A parent’s worst nightmare is usually the possibility of losing a child to death. All parents carry this grief with them; most of them only know it as an unopened package that they briefly examine in dark times, in sympathy or in fear. Others — like me — have experienced the reality of a child’s death and know what it feels like to move into and through the huge tar-mountain of parental grief.

Most parents have imagined some scenario for a child’s death and their response afterwards. We see it lurking in dark shadows, high trees, bath-tubs, solitary walks, careless moments of play, traffic accidents, raging house-fires, plane crashes, allergic reactions or medical beds.

That imagined loss looms large on the horizon as a huge mountain of horribleness, like an inverted tar-pit of despair. Once you cross the threshold of your child’s death, you’re surrounded by a dark morass of emotional pain, and it’ll take you an unspecified length of time to wade through to the clearer skies on the other side. There’s no way to make it through grief without becoming stained by the tar of the loss, and remnants will stick to you for years to come — probably for the rest of your life.

This is the reality for a parent who has lost a child. The tar-mountain of grief does exist. There’s no short-cut around it, and the darkness must be traversed in order to move into a different phase of life.

All people move through their grief-mountains at different paces. The pace varies; some stumble and fall in one spot for a while before picking themselves up and racing to brighter skies. Others pick a steady pace and clear the grief in the right time for themselves. Perhaps some never fully reach the other side.

There’s no way of truly conveying hope to a parent lost in grief. Even though others who are experienced in losing a child may say, “It’ll get better,” to a parent who is surrounded by the sticky morass of pain, loss, regret and shattered dreams, that doesn’t actually bring a glimpse of light. Until each person absorbs or fights the pain for themselves — processing it properly — they cannot move out from under the mountainous burden of their grief.

The future is always dotted with extra piles of sticky grief. It rises unexpectedly — in the form of another child the size of our dead one, in the places we shared happy moments, in the location of their death or remains, or in a memory that unexpectedly comes to mind. Each time, the parent must start wading through the sticky morass again, using the strategies that they discovered works for them — distractions, love of others, work, chemicals, meditation, or others.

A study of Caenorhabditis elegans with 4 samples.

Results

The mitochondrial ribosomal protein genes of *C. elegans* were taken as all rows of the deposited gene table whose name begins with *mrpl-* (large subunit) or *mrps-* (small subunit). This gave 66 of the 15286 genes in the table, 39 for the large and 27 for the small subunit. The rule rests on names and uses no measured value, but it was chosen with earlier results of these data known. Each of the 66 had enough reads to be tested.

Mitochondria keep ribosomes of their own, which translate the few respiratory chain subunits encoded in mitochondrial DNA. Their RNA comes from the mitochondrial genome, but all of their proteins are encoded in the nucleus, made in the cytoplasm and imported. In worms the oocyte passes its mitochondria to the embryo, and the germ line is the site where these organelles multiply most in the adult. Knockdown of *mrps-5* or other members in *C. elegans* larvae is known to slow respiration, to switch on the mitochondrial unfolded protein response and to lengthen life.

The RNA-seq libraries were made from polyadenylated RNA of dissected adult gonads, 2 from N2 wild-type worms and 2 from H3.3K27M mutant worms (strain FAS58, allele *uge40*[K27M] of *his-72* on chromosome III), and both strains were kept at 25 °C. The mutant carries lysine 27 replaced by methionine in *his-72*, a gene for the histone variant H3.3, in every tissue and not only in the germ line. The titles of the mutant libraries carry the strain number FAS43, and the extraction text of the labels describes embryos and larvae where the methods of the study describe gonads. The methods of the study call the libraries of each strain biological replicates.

Zarra Post and Lauren Bissett Fisher, July 2014
My little friend Zarra is the same age as my son Elijah. Whenever I visit him, I mentally acknowledge the developmental stage Elijah would be at — physically, socially and emotionally. It's a delight to see Zarra's growth, and I've learned to welcome his unique presence in my life without it triggering feelings of pain.

My personal experience of the burden of parental grief — including with the public arrival of it and my honest working-through and true processing of it — is that although I have moved through the main mountain of my own emotional pain, others may not acknowledge my position because their own (theoretical or real) grief-mountain still looms large in front of them.

When others look at my life — available in static form because I’ve recorded it here — it’s easy for them to project their own burden of grief onto me. How is it possible to survive the death of my beloved only son at the hand of his father, my partner for sixteen years? How can I smile at a funeral? How can I forgive my husband? How can I move on with life? How can I give a baby away after losing one to death? As a person tries to imagine how they would cope if they were dropped into my scenario, it’s impossible for them to gain my perspective if their own grief mountain fills the sky with its hope-sucking darkness.

Everyone processes their grief differently. Some never fully step out of the darkness and retain gooey strings of deep pain hanging off their psyches for years. As an observer (to my life and to others’), refrain from projecting your own expectations or experience of what a grief-mountain looks and feels like onto other people. Just accept where a person is and offer assistance if they desire it.

In my own personal experience, my unwavering faith in spiritual realities gave me the tools to consciously process my grief and loss very rapidly, although remnant pain surfaces now and again to remind me that my work isn’t complete. My children, too, have been given the space, care, love and assistance to help them work through their own emotions surrounding our family’s experience with death and loss.

Two years on, my daughters and I have moved through our individual grief-mountains. If you meet us, you’ll see that for yourself. Until then, just accept it as being so. We are living on the other side, participating wholeheartedly in a joyous, adventurous life.

If you’re still moving through your dark morass of pain, I know your burden too. You have a future — bright with a new phase of life. I hope you see it soon.